Two Vowel Assignments

The personal name הושע (commonly pronounced Hosea) is represented in Akkadian cuneiform in the 8th century BCE as A-u-s-i-’i, with a long vowel [I] as the terminal syllable (see H. Tadmor, The Annals of Tiglath-Pileser III King of Assyria [Jerusalem, 1994]: 140-141).

The grapheme ה [h] at the beginning of this name was lost to the Assyrian scribe’s ear when he heard this name, just like the h in “hour” is lost in English. The Assyrian scribe was transliterating the name into Akkadian, but the long vowel [o] does not have its own sign in Akkadian so this vowel was represented in Akkadian by [u] contracting the diphthong [au], just as in as A-u-s-i-’i above. Hence the first syllable in this name is /Ho/ because the letter וֹ [w] is a matres lectionis O-vowel whenever it is not the first letter of a word.

The divine name of the Creator YHWH was repeatedly transcribed in 8th century BCE Akkadian inscriptions as Ia-u, i.e. Ya'o!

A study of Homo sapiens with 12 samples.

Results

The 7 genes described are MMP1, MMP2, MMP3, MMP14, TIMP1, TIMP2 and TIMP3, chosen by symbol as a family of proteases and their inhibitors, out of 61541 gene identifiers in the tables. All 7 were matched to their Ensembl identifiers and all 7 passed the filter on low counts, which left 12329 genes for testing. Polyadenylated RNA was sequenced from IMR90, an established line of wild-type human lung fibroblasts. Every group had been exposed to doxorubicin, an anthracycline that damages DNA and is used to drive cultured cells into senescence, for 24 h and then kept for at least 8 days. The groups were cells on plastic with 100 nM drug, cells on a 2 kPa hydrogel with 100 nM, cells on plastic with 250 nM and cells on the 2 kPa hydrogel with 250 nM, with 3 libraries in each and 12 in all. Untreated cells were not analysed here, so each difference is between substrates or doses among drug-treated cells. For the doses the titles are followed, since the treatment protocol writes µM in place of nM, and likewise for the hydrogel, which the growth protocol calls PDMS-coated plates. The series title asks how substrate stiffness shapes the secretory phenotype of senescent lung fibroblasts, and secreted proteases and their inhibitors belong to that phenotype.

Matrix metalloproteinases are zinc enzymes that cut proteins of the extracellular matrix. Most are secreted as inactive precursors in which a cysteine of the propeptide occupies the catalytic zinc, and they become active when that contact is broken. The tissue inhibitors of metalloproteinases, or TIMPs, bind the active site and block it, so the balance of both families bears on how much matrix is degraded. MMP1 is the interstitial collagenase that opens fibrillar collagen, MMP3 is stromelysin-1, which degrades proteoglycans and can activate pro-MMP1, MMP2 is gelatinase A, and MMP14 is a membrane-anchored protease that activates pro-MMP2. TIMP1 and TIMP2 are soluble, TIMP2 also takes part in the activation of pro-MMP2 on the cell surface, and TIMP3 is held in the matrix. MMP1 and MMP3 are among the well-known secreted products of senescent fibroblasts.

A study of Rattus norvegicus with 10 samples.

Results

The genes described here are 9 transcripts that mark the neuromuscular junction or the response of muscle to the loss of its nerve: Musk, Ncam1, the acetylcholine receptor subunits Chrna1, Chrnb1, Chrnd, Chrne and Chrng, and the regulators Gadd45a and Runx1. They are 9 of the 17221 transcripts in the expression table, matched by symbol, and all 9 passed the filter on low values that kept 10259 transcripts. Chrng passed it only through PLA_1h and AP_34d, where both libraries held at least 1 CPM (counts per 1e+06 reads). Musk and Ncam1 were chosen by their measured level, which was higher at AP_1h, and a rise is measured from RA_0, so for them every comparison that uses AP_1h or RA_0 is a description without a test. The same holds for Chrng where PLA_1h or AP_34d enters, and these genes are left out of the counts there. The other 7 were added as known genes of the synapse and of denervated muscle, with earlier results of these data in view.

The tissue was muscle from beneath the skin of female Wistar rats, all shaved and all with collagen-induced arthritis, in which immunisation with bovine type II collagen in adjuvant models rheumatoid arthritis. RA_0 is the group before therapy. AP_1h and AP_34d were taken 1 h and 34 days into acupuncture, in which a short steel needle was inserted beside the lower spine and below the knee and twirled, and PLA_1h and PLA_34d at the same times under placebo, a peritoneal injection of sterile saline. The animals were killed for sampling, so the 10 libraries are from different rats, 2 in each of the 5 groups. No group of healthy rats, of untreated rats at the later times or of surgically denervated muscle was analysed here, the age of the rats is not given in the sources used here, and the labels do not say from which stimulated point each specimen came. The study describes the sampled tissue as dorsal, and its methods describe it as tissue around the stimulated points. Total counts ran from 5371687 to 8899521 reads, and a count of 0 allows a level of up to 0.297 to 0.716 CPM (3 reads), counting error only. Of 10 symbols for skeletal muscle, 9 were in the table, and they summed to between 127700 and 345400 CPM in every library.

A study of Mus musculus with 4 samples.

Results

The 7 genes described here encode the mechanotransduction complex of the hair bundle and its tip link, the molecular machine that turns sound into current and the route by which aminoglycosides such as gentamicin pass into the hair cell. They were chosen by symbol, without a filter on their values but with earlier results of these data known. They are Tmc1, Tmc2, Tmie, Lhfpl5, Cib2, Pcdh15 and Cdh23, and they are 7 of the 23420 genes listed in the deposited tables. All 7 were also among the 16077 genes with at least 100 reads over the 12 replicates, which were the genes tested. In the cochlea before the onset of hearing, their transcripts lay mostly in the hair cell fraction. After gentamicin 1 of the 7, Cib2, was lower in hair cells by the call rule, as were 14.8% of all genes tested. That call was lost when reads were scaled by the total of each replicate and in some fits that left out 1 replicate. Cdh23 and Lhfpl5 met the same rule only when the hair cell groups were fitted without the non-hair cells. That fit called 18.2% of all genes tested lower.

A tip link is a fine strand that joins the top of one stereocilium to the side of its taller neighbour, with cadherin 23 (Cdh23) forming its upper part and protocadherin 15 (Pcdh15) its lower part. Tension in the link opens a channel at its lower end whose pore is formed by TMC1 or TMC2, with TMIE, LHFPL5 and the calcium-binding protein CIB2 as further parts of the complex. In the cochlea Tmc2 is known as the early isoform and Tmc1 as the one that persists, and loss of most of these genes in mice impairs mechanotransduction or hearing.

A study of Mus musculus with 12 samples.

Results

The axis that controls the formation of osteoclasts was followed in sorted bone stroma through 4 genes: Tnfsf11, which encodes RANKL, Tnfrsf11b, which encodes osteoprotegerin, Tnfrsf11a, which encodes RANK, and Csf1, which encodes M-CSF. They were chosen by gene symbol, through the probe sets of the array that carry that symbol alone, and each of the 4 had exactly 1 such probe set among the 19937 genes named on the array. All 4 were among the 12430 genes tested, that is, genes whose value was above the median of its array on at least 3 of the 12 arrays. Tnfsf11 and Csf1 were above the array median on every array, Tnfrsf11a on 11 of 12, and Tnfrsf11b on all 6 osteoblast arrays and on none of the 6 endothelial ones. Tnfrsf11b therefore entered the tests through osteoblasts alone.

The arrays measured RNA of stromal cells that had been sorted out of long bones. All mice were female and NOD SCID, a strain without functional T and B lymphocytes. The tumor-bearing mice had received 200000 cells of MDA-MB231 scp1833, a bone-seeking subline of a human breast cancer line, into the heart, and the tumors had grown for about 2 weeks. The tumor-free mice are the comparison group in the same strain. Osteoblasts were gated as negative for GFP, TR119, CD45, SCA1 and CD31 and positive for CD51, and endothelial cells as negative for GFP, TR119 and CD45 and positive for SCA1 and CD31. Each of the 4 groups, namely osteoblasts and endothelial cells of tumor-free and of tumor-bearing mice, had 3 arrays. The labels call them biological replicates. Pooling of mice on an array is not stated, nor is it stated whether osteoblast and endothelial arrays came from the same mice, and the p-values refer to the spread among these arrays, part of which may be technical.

Another example is how Assyrians transliterated the name of the kingdom of YHWDH (Judah). They wrote Ia-u-dah in their own script. This proves the grapheme ה [h] is SILENT both in the name of the Creator YHWH and in the name YHWDH, i.e. Ya'ohdah. The vowels in both are long O (written) and short a (unwritten).

Thus the late Tiberian Masoretic vocalization הוֹשֵׁעַ as "Hoshea" is demonstrably incorrect. The correct pronunciation of הושע is "Hoshai" and the semi-consonant ע [gh] is always to be treated as a long vowel [I] in the medial or word-final position. This letter is only a fricative consonant when its the first letter of a word. Otherwise it is always a long I-vowel. It is never a short a-vowel or any other vowel before the Hellenistic period. The very late Masoretic vocalization system is therefore repudiated and a strict and consistent application of matres lectionis is to be reimposed.